He used CPR in an emergency – then he became the emergency

By American Heart Association News

Joe Farrell, a cardiac arrest survivor, with his wife Edie at the State of the Future of Resuscitation Conference in Oakland, California. (Photo courtesy of Joe Farrell)
Cardiac arrest survivor Joe Farrell with his wife, Edie. (Photo courtesy of Joe Farrell)

Joe Farrell went to retrieve an errant golf ball when he came upon another player on the ground not breathing. The man's golfing partner was attempting CPR but not performing it properly.

Joe, a physical therapist, took over. He made sure 911 was called before starting chest compressions. Paramedics arrived and revived the man after several shocks from an automated external defibrillator.

"It was absolutely a big moment in my life and a very humbling event," Joe said.

He thought at the time that if he ever went into cardiac arrest, he hoped to be lucky enough to have someone nearby who could perform CPR on him. He knew CPR, especially if administered quickly, can double or triple a person's chance of survival.

A year later, Joe was that lucky.

Then 56, Joe was talking with fellow physical therapists during a luncheon when he lost consciousness and stopped breathing.

One of the men called 911 and started chest compressions while Joe's wife, Edie, also a physical therapist, looked on terrified.

Paramedics quickly arrived with an AED. It took seven shocks to restore Joe's heart rhythm.

As they were entering the emergency room, Joe's heart stopped again. The AED again revived him.

Joe was put into an induced coma for three days and underwent hypothermia for 24 hours to minimize any brain damage. Edie feared she would lose her husband of 30 years. Making the situation even more stressful, she felt the cardiologist assigned to them was inattentive. He didn't even look at her when he spoke.

"I happened to know that the son of a friend was a cardiologist and I begged him to take Joe on as a patient," Edie said. "He is the one who said that Joe should not be allowed to leave the hospital until he had an ICD."

The friend's son indeed took over as the cardiologist and Joe received an ICD, or implantable cardioverter defibrillator. The battery-powered device was placed under Joe's skin to track his heart rate. If it detects a dangerous heart rhythm, it delivers an electric shock.

Doctors later determined a medication side effect – low potassium – had caused his cardiac arrest.

While recuperating at home, Joe felt secure his ICD would protect him. Still, he feared another cardiac arrest.

He cut back on his work hours to help relieve stress. But what really brought Joe relief was a newfound purpose: spreading the word about cardiac arrest, CPR training and the use of defibrillators.

There are more than 356,000 out-of-hospital cardiac arrests annually in the U.S., with nearly 90 percent of them fatal.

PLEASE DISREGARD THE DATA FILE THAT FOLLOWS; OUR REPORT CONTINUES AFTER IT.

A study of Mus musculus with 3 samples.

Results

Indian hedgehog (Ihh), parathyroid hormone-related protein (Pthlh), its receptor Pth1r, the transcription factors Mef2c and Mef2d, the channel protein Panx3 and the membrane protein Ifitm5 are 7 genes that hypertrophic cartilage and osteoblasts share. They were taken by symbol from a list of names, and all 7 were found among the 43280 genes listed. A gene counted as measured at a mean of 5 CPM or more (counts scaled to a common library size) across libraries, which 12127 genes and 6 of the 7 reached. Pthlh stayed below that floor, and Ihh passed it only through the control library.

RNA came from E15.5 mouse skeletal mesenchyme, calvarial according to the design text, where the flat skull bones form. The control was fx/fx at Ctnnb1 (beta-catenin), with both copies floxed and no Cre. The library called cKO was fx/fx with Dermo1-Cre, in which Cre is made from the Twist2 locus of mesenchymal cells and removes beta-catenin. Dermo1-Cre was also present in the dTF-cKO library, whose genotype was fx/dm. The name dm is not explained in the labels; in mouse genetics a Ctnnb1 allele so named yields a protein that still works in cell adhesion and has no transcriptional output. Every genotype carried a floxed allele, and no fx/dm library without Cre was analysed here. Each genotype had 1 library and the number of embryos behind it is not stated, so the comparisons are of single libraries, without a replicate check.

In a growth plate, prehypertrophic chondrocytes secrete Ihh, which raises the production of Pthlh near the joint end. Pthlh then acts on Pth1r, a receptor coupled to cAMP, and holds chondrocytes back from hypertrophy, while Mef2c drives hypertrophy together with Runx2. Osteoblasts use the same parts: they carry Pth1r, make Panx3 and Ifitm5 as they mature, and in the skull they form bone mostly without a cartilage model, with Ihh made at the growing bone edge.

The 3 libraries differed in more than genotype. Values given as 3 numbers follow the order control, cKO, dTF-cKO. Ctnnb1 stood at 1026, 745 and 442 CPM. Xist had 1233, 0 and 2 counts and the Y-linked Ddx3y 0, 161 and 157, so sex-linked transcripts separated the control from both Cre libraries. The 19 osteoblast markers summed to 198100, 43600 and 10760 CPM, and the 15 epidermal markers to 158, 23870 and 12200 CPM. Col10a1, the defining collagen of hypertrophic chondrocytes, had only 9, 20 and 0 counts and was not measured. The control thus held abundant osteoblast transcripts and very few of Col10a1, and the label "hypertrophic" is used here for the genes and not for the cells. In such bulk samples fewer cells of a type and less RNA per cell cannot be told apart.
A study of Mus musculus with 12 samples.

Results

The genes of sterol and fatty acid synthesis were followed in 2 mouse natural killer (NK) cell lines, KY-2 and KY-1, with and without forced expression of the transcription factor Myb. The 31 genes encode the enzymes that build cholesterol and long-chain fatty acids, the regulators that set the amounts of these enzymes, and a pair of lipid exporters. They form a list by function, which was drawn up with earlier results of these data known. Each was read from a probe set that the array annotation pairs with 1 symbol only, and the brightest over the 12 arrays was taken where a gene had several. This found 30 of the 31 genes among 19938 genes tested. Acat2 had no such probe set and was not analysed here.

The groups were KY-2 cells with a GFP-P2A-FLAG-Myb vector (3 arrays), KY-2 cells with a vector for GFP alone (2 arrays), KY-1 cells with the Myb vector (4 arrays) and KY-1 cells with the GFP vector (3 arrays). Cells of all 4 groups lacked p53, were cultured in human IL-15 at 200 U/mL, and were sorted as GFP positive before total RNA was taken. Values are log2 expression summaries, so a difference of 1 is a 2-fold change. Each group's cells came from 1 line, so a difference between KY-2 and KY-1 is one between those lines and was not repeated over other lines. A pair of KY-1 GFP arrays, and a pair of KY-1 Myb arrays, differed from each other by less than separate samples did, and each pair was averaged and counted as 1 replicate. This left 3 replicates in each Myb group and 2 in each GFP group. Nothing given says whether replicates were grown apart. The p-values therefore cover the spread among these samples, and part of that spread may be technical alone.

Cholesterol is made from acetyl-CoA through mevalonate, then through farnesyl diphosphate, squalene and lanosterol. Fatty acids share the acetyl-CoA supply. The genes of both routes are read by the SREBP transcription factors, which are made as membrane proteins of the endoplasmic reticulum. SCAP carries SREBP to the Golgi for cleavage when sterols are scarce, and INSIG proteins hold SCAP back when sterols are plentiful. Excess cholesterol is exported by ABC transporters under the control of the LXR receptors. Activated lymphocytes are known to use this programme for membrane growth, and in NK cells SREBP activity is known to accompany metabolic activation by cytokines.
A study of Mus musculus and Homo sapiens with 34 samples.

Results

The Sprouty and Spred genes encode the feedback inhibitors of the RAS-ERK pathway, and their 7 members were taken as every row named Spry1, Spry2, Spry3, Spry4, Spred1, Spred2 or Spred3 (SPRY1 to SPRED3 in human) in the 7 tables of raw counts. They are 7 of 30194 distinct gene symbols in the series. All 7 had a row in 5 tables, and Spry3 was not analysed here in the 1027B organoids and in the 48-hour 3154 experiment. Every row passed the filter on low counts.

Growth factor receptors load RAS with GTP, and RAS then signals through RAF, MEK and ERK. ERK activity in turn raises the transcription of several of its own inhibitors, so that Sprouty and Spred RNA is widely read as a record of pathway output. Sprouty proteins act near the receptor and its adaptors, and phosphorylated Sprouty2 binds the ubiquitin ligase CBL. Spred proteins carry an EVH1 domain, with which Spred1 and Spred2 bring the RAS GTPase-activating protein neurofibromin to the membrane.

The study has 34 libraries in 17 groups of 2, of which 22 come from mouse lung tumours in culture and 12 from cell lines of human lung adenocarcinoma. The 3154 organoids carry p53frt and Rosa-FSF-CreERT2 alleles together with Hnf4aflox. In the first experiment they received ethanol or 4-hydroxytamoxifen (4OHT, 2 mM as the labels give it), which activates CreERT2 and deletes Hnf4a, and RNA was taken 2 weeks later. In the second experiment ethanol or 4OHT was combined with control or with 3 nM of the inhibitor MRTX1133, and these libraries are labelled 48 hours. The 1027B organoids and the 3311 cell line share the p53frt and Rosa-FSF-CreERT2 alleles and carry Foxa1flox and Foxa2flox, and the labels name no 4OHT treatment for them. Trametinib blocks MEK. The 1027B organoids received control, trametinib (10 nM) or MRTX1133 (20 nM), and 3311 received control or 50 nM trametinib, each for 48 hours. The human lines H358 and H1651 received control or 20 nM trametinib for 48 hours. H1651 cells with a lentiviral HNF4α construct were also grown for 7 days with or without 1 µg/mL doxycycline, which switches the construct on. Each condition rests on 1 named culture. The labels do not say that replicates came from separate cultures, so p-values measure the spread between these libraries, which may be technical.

Edie joined him in his volunteer work, though reluctantly at first. His cardiac arrest was something she wanted to put behind her.

"It used to be that every time I talked about it, I started crying," she said. "But then I turned a corner. I saw that I could be proactive and empower people to learn CPR and to use an AED."

Within a couple of months of Joe's cardiac arrest in 2008, he and Edie became certified CPR instructors through the American Heart Association and joined the Heart Safe Committee of the San Ramon Valley Fire Protection District in California. They estimate that since then, the group has taught more than 30,000 people how to perform Hands-Only CPR and use an AED.

Three years ago, Joe had his ICD replaced, a routine procedure when the battery becomes depleted.

"I almost wasn't going to because I never get shocked," he said.

That changed last year, a few days after the couple returned from a cruise in Antarctica.

While Joe was asleep, the shock registered on the sensor of his device. The information was sent to his cardiologist. The doctor called the next day to tell Joe what happened. He hadn't felt a thing.

But it renewed his fear and anxiety.

"It just comes and goes," Joe said.

He and Edie, who now live in Nevada, continue to travel. They visited Vietnam and Cambodia earlier this year. They occasionally speak about cardiac arrest at medical gatherings, where Edie reminds doctors that families are as important as patients.

Joe Farrell and his wife Edie in Vietnam earlier this year. (Photo courtesy of Joe Farrell)
Joe Farrell and his wife Edie in Vietnam earlier this year. (Photo courtesy of Joe Farrell)

"When people talk about survivors, they often forget it was the family members that had all the stress, fear and anxiety in the beginning, dealing with the doctors, hospitals and the unknown," she said. "And after that, we're often the caregivers."

Joe also serves on the board of directors of the PulsePoint Foundation and the Sudden Cardiac Arrest Foundation, which are currently promoting Sudden Cardiac Arrest Month.

"Edie and I want to prevent needless death by training more people in CPR and defibrillation," he said. "We're having more and more survivors now becoming advocates and getting involved. It's making a difference."

Stories From the Heart chronicles the inspiring journeys of heart disease and stroke survivors, caregivers and advocates.